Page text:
Helps in treatment and prevention of dandruff. Necessary for healthy hair
and nails. May also increase the elastic youthfulness of the skin and be
helpful in removing age spots. When ingested in the natural algae form of
selenomethionine, skin cancer incidence from ultraviolet light may also be
Selenium (Se) is an essential trace element that functions as a component
of enzymes involved in antioxidant protection and thyroid hormone
metabolism. In several intra- and extra-cellular glutathione peroxidases,
iodothyronine 5н-deiodinases, and in thioredoxin reductase, selenium
is located at the active centers as the selenoamino acid, selenocysteine (SeCYS).
At least two other proteins of unknown function also contain SeCYS.
Although SeCYS is an important dietary form, it is not directly
incorporated into these specific selenium-proteins; instead, a co-translational
process yields tRNA-bound SeCYS. In contrast, selenium as
seleno-methionine is incorporated non-specifically into many proteins, as
it competes with methionine in general protein synthesis. Therefore,
tissues often contain both specific, as well as the nonspecific,
selenium-containing proteins when both SeCYS and selenomethionine are
consumed, as found in many foods.
IMPORTANCE: A major antioxidant nutrient,
protects cell membranes and prevents free radical generation thereby
decreasing the risk of cancer and disease of the heart and blood vessels.
Medical surveys show that increased selenium intake decreases the risk of
breast, colon, lung and prostate cancer. Selenium also preserves tissue
elasticity; slows down the aging and hardening of tissues through
oxidation; helps in the treatment and prevention of dandruff.
Selenium deprivation reduces activities
of the selenium-dependent enzymes. The signs in animals depend upon
vitamin E status and appear only when both nutrients are limiting. They
vary according to species. For example, selenium- and vitamin E-deficient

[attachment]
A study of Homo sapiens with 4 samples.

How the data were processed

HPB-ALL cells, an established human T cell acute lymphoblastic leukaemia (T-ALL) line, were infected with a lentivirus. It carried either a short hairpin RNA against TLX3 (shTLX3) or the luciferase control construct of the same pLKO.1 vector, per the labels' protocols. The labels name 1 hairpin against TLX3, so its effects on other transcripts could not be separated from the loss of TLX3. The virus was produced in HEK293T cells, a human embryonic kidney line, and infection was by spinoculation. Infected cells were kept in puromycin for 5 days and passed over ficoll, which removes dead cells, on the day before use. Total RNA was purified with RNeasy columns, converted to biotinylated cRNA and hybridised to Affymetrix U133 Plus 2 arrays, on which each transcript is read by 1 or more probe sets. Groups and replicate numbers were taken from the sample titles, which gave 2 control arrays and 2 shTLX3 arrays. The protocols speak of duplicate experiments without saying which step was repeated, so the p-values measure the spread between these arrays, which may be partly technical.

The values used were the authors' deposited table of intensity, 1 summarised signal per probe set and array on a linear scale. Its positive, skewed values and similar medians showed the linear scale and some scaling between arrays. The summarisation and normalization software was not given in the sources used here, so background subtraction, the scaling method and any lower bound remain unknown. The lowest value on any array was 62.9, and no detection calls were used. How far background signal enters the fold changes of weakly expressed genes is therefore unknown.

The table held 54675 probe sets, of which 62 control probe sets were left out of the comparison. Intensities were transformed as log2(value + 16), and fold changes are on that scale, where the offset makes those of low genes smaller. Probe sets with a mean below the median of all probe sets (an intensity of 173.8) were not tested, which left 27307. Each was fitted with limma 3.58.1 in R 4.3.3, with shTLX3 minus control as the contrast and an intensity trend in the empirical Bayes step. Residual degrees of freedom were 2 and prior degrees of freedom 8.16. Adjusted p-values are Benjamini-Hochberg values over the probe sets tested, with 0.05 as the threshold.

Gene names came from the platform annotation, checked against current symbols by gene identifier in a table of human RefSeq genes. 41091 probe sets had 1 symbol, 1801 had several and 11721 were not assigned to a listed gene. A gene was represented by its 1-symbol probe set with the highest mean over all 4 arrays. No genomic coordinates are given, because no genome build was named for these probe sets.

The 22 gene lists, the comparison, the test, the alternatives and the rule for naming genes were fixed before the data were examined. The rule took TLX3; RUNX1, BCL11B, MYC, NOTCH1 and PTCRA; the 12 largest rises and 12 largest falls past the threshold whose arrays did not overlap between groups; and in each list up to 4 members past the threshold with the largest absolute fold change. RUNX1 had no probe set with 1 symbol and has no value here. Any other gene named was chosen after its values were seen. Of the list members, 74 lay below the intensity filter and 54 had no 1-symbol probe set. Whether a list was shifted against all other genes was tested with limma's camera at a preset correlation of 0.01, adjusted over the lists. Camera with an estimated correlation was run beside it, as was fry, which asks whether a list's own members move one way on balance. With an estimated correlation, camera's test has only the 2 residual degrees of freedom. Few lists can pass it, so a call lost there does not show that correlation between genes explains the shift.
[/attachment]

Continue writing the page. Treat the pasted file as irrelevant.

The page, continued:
animals show myopathies of skeletal (e.g., sheep, cow, horse), cardiac
(pig) or smooth (dog, cow) muscle; hepatic necrosis (rat, pig); increased
capillary permeability (chicken); or pancreatic acinar degeneration
(chicken). Characteristic signs of selenium deficiency have not been
described in humans, but very low selenium status is a factor in the
etiologies of a juvenile cardiomyopathy (Keshan Disease) and a
chondrodystrophy (Kashin-Beck Disease) that occur in selenium-deficient
regions of China. May result in premature aging, heart
disease, dandruff, loose skin.
Diet recommendations: The Recommended Dietary
Allowances are in µg/day: 0-0.5 yrs, 10; 0.5-1.0 yrs, 15; 1-6 yrs, 20;
7-10 yrs, 30; males 11-14 yrs, 40; females 11-14 yrs, 45; males and
females 15-18 yrs, 50; adult males, 70; adult females, 55; pregnancy, 65;
and lactation, 75.
Food sources: The most important sources in American
diets are meats, fish and grains. Brazil nuts can have relatively high
selenium concentrations. Foods of low protein content, including most
fruits and vegetables, provide little selenium. Food selenium is absorbed
with efficiencies of 60-80%; the greatest factor affecting the utilization
of food selenium is its chemical form.
Toxicity: Selenium toxicity is characterized by
dermatologic lesions; selenotic animals and humans develop brittle hair
and nails/hooves. Sporadic cases of selenium-poisoning have been reported
involving industrial or accidental exposures to selenium-compounds. In
certain rural Chinese communities chronic intakes of very high amounts
(several milligrams per day) of selenium were linked to skin, hair and
nail abnormalities which disappeared upon resuming regular selenium
intakes. Selenium has been identified as the cause of birth deformities in
migratory wildfowl in a wetland area (Kesterson Reservoir, CA) which
receives selenium-enriched irrigation wastewater. This case involved the
biological amplification of selenium by aquatic plants which were
important in the diet of affected animals. The Reference Dose (RfD) set by
the Environmental Protection Agency is 5 µg/kg body weight/day or 350 µg/day
for a 70 kg individual. This intake is regarded as having no significant
risk of a deleterious effect over a lifetime of exposure.
Recent research: Preliminary findings suggest that
selenium may have an anticancer effect in humans. Animal studies indicate
that selenium deficiency may decrease the resistance of the host to
infection with certain viruses.
Serving Size: 1 Teaspoon (5ml)
Serving Per Container: 47
Phytogenic Mineral Catalyst
Calcium, Chloride, Cobalt, Chromium, Magnesium,
Boron, Manganese, Molybdenum, Selenium, Iron, Copper, Phosphorus,
Sulfur, Potassium, Iodine and Zinc
* Percent Daily Values based on a 2,000 calorie
** No daily value established
Directions: Take 5 ml once daily with food
* This statements have not been
evaluated by the Food and Drag Administration.
This products are not intended
to diagnose, treat, cure or prevent any disease.